The Great Recession of 2007 spurred a huge growth in college attendance as out-of-work individuals turned to school to gain an edge in the job market.

Obviously, the recession also severely slashed state budgets. According to the Bipartisan Policy Center, state tax revenues dropped by 7.4 percent between 2008 and 2009. Together, these two events hindered states’ ability to keep higher education funding at previous levels.

However, state spending for higher education is finally on the rise again.

According to the annual Grapevine survey conducted by Illinois State University, state spending on higher education continues to slowly climb. On average, the 2016 fiscal year showed a 3.4 percent increase across the nation. The survey shows that Hawaii, Idaho, South Dakota and Virginia had the largest growth. These states’ spending for higher education increased by roughly 10 percent from 2016.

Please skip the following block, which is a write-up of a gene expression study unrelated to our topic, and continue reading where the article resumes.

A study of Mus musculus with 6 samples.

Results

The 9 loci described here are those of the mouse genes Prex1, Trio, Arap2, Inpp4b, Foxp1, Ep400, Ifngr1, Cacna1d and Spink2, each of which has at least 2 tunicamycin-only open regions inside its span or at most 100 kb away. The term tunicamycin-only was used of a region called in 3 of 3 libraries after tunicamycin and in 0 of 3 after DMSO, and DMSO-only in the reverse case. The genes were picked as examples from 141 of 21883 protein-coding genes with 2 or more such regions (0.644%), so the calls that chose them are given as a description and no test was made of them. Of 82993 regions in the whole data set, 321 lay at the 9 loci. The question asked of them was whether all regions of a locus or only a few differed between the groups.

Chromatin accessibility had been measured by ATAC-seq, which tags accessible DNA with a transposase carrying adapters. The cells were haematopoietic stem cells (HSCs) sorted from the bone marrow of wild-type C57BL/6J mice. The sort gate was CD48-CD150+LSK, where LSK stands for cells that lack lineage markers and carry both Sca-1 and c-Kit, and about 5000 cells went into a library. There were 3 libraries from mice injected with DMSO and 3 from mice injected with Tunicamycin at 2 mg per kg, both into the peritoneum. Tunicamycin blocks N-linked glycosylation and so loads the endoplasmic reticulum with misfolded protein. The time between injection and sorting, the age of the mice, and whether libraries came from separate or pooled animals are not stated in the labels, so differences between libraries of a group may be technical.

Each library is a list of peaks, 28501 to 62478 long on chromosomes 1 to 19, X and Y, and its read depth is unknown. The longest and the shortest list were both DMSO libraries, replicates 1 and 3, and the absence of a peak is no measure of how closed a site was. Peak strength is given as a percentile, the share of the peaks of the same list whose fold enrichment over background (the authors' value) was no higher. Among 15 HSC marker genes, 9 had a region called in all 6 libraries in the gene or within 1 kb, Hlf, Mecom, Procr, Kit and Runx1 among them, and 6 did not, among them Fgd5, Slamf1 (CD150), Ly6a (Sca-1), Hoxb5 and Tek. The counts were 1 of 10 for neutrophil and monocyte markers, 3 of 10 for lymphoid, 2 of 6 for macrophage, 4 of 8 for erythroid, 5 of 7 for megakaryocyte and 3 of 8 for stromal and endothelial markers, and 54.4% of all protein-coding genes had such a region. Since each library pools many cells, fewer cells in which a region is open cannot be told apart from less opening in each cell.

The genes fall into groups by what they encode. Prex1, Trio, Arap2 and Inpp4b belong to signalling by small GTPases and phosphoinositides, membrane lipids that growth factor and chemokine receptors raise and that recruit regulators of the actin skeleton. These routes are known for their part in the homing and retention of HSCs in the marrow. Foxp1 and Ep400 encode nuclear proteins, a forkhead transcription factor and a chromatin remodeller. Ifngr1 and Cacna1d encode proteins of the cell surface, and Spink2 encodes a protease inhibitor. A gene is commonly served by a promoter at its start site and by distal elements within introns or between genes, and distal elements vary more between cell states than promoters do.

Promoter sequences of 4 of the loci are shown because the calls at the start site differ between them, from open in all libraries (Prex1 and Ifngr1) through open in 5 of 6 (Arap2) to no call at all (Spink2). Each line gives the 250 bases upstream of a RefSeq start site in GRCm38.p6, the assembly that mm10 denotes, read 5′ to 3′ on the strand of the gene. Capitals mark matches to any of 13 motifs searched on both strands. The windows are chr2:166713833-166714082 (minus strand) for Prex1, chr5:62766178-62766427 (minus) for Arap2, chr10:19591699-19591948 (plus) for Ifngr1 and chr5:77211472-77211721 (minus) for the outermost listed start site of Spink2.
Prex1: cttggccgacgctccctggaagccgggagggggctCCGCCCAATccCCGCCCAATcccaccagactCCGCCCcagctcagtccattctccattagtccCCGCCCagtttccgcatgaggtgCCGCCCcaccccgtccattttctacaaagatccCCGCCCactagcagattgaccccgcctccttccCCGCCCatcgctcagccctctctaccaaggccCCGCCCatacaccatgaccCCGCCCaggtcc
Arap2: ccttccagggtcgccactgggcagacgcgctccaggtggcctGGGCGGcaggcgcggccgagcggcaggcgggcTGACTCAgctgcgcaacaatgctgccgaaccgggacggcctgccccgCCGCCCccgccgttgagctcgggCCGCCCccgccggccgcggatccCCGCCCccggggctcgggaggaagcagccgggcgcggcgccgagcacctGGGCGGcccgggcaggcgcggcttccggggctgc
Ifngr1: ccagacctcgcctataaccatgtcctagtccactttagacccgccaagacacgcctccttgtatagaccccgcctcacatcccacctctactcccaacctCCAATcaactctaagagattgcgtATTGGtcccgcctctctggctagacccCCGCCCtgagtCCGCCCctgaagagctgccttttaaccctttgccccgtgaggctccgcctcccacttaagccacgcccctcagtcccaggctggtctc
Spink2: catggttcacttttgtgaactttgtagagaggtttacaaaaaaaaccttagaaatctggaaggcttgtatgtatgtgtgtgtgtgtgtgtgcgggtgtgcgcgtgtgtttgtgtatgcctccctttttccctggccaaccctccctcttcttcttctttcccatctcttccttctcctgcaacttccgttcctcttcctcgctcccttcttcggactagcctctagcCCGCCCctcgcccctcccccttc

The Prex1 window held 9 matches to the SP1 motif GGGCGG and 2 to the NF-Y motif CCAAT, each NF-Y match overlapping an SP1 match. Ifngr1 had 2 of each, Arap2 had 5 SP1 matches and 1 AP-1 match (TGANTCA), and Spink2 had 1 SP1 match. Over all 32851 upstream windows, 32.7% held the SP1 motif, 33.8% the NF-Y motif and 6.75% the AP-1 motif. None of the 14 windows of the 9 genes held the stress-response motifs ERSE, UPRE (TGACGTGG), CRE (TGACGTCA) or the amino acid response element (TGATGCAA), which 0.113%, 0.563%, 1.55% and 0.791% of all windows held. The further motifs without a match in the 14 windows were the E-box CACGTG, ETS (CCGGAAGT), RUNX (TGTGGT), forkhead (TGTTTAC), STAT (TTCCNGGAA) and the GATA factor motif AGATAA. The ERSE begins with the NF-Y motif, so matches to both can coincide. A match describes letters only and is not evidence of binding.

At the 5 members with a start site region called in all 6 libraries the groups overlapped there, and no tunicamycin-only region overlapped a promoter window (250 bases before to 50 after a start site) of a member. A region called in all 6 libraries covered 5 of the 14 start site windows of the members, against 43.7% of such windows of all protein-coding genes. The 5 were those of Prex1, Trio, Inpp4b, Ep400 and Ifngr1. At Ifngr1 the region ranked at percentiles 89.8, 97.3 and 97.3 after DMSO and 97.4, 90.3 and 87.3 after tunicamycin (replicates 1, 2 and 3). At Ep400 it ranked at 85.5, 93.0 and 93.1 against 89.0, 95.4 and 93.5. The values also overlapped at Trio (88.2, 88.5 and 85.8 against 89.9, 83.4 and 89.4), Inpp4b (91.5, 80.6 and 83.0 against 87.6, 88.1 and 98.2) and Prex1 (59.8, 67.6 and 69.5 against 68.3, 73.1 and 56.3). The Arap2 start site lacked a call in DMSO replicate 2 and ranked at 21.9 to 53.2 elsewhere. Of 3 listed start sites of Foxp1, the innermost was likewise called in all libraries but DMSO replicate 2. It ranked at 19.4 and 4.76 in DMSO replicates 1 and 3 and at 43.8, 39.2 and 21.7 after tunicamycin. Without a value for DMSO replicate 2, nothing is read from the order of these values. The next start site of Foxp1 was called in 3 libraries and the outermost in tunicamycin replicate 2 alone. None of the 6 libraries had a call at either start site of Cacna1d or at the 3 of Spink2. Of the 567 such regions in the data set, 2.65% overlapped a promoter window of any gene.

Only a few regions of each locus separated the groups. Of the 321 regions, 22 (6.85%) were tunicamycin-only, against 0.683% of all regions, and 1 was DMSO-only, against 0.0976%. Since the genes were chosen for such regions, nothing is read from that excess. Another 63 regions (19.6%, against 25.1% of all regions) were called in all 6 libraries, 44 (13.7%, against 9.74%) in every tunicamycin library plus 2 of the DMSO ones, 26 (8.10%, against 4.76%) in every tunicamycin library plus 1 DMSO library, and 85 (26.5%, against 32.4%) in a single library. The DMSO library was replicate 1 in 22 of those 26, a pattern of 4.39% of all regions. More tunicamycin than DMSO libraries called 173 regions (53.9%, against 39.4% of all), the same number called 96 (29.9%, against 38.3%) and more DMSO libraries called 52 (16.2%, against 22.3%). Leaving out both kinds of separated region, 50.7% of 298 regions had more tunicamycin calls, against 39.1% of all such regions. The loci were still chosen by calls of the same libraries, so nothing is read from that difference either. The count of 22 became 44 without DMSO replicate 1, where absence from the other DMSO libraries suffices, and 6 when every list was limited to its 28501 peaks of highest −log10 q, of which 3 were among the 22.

In fact, the majority of U.S. states reported increased spending on higher education over the last fiscal year, while only ten states reported a decrease. Overall, higher education spending over the last nine years is up 16 percent.

Nonprofit Quarterly reports that endowments have lost an “average of 1.9 percent. . . This brings the 10-year average annual return to five percent, rather than the 7.4 percent that many endowments need to retain their purchasing power over the years.” With this decline in donations and investments, states will need to step in even more to support universities and colleges.

Due to these recent losses in university and college endowments, it is now up to college leaders to show the importance of increased spending in higher education.